ATLANTA -- As B.J. Upton's struggles have extended throughout this season, the Braves have remained patient with the hope that this oft-streaky outfielder would eventually live up to his reputation of being a player who has a knack for getting hot at the right time.
Time will tell how productive Upton will be during the remainder of this season. But the veteran outfielder will enter September with the momentum created by a four-hit performance that was capped by his walk-off single in the 11th inning of Saturday night's 5-4 win over the Marlins.
"He's had tough months, but nobody remembers what you did in April, May and June," Braves manager Fredi Gonzalez said. "If everything goes well and we go where we want to go and he continues swinging the bat, that's what he's going to be remembered by. So those are good things."
After they stranded two runners in both the ninth and 10th innings, Upton was not necessarily the guy the Braves would have chosen to come to the plate with two on and two outs in the 11th inning. He entered the plate appearance hitting .091 (7-for-77) with runners in scoring position and .023 (1-for-41) with two outs and runners in scoring position.
But none of that mattered when Upton laced right-handed reliever Ryan Webb's slider to right-center field. The sharp single scored pinch-runner Paul Janish from second base and prompted the second walk-off celebration the Braves have staged this week.
Janish replaced Chris Johnson, who capped his own four-hit performance with a single that sparked the decisive inning and raised his batting average to a National League-best .331.
"We've got a very good ballclub," Upton said. "It's not going to be one guy every night. It just so happened tonight was my night."
Along with delivering the game-winner, Upton also produced a game-tying sixth inning home run that helped the Braves claim their sixth consecutive victory and increase their division lead over the Nationals to 15 games. They will enter September with their magic number to clinch the National League East at 13.
"I'm just going to stay the course and trying not to do too much," Upton said. "You just keep at it and keep grinding. My teammates have been behind me all year. They haven't given up on me. That's a big part of it. I've had their support all year."
After striking out in Saturday's first two at-bats, Upton found himself in the midst of a 4-for-42 skid that extended back to Aug. 7, when he notched his only other four-hit game of the season. But he got himself back on track in the sixth inning when he erased a 3-1 deficit with a two-run home run off Miami starting pitcher Jacob Turner.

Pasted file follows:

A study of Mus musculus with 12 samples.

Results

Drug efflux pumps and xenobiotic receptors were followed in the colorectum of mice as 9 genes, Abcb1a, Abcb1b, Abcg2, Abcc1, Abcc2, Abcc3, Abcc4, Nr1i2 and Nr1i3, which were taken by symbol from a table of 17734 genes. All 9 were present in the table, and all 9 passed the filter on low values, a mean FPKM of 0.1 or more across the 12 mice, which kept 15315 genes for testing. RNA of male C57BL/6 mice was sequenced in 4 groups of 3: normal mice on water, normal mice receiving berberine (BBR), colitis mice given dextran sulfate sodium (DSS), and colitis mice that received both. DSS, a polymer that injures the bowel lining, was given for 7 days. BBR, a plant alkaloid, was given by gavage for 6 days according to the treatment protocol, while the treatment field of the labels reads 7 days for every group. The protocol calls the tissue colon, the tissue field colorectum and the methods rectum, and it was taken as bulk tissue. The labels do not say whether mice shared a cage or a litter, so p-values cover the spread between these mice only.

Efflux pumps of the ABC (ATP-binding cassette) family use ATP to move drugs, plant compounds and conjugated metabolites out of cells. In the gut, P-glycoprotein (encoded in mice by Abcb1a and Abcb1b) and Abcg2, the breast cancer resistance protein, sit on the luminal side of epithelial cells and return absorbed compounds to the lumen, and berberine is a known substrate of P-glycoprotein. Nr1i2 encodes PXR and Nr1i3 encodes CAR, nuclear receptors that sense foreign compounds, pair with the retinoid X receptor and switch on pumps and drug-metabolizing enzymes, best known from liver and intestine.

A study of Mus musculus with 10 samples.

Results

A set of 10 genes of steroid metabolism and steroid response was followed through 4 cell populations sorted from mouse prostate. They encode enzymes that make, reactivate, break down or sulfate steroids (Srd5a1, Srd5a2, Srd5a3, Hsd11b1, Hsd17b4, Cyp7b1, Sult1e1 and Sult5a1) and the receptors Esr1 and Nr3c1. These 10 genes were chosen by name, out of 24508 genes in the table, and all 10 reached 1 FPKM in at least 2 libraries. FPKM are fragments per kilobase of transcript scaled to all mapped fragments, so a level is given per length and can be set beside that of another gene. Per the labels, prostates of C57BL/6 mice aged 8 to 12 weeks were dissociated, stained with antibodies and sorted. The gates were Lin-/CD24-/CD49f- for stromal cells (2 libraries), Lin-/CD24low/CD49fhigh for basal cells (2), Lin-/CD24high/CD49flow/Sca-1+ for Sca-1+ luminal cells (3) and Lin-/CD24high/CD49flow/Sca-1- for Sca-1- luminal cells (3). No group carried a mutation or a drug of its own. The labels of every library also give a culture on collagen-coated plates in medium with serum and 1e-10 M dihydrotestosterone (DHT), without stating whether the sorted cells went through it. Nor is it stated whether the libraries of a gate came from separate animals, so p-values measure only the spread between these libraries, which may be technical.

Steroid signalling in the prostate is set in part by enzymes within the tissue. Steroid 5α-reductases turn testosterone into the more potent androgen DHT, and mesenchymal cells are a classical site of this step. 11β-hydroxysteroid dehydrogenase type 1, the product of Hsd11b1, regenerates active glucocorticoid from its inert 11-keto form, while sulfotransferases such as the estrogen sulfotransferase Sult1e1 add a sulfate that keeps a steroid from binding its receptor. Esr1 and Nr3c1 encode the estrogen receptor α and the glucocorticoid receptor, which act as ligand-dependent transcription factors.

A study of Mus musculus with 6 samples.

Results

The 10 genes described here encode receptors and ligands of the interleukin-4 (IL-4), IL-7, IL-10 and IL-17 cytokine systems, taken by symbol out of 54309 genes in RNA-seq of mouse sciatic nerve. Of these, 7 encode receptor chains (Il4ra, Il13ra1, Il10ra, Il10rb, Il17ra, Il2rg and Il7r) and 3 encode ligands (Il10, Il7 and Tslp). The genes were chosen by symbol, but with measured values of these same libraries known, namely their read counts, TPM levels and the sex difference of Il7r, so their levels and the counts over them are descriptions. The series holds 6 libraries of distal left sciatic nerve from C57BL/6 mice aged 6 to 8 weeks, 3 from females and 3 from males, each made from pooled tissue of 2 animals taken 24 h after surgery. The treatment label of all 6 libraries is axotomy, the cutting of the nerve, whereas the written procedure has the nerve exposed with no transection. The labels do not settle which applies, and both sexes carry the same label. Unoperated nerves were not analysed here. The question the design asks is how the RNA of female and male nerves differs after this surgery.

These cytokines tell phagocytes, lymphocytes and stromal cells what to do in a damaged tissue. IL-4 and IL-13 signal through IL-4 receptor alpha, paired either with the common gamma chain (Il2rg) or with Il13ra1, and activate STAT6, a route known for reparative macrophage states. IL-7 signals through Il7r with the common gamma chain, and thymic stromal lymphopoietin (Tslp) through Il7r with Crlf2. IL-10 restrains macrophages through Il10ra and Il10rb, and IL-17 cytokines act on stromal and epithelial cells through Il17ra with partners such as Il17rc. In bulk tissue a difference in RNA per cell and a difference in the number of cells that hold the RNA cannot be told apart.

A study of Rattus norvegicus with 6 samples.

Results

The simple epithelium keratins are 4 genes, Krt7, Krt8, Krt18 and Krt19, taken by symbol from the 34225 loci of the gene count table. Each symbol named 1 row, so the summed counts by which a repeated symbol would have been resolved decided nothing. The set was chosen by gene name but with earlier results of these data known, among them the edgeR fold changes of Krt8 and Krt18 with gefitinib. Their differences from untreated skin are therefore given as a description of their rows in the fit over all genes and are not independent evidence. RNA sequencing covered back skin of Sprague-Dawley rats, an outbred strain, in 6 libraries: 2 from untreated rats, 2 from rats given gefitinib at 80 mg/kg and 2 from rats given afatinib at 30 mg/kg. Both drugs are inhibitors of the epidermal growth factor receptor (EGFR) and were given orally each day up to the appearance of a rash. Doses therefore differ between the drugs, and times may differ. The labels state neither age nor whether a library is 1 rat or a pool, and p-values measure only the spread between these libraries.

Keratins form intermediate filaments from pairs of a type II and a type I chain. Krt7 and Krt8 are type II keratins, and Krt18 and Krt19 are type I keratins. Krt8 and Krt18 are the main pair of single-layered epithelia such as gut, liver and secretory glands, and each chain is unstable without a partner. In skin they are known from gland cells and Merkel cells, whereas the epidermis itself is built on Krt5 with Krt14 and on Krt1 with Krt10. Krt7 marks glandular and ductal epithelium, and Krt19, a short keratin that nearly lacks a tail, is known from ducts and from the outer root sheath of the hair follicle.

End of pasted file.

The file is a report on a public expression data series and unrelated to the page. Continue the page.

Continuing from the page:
Upton's first home run since June 15 marked the first of four consecutive hits he recorded to exit this game with a .195 batting average. Instead of focusing on that number, the Braves are simply looking forward to the possibility that this game marks the start of another of his late-season surges.
Upton grabbed the attention of the baseball world when he hit seven home runs while playing in his first postseason in 2008. The franchise-record five-year contract he gained from the Braves in November was a product of the 19 home runs he hit in his last 57 games of the 2012 season.
"I've been working hard all year and I'm finally starting to see some consistent results," Upton said. "The season is not over. I've just got to keep playing and working hard and stick with what I'm doing."
Upton's contributions benefited Mike Minor, who was in line for a loss after surrendering opposite-field home runs to his nemesis, Justin Ruggiano, and Giancarlo Stanton through the first three innings. Ruggiano has hit .412 (7-for-17) with two home runs in his career against Minor.
Along with hitting a two-run home run in the first inning, Ruggiano began the seventh inning with a single and scored on Logan Morrison's one-out single, which allowed the Marlins to regain the lead that was lost when Upton homered during the previous half-inning.
The lead proved to be short-lived as former Braves left-handed reliever Mike Dunn surrendered a two-out, seventh-inning double to Johnson and Brian McCann's game-tying single.
McCann's single erased the possibility of Minor being saddled with a loss on a night in which he allowed as many home runs (two) as he had in his previous 10 starts combined.
"For us, four runs is like 25 runs for some teams," Marlins manager Mike Redmond said. "You've got to try to find a way to win that ballgame. We didn't."
The Braves wasted some opportunities while stranding 15 runners. They left the bases loaded twice and put two on with none out before Dan Uggla grounded into a double play to end the ninth inning.
But with their rock-solid bullpen allowing just two hits over four scoreless innings, and Upton picking an opportune time to halt his most recent funk, the Braves took one more step toward clinching their first division title since 2005.
"We have guys that step up," Upton said. "That is what this team is about. It's never going to be about one guy. When we need somebody to step up, it just seems like that is what happens."
Mark Bowman is a reporter for MLB.com. This story was not subject to the approval of Major League Baseball or its clubs.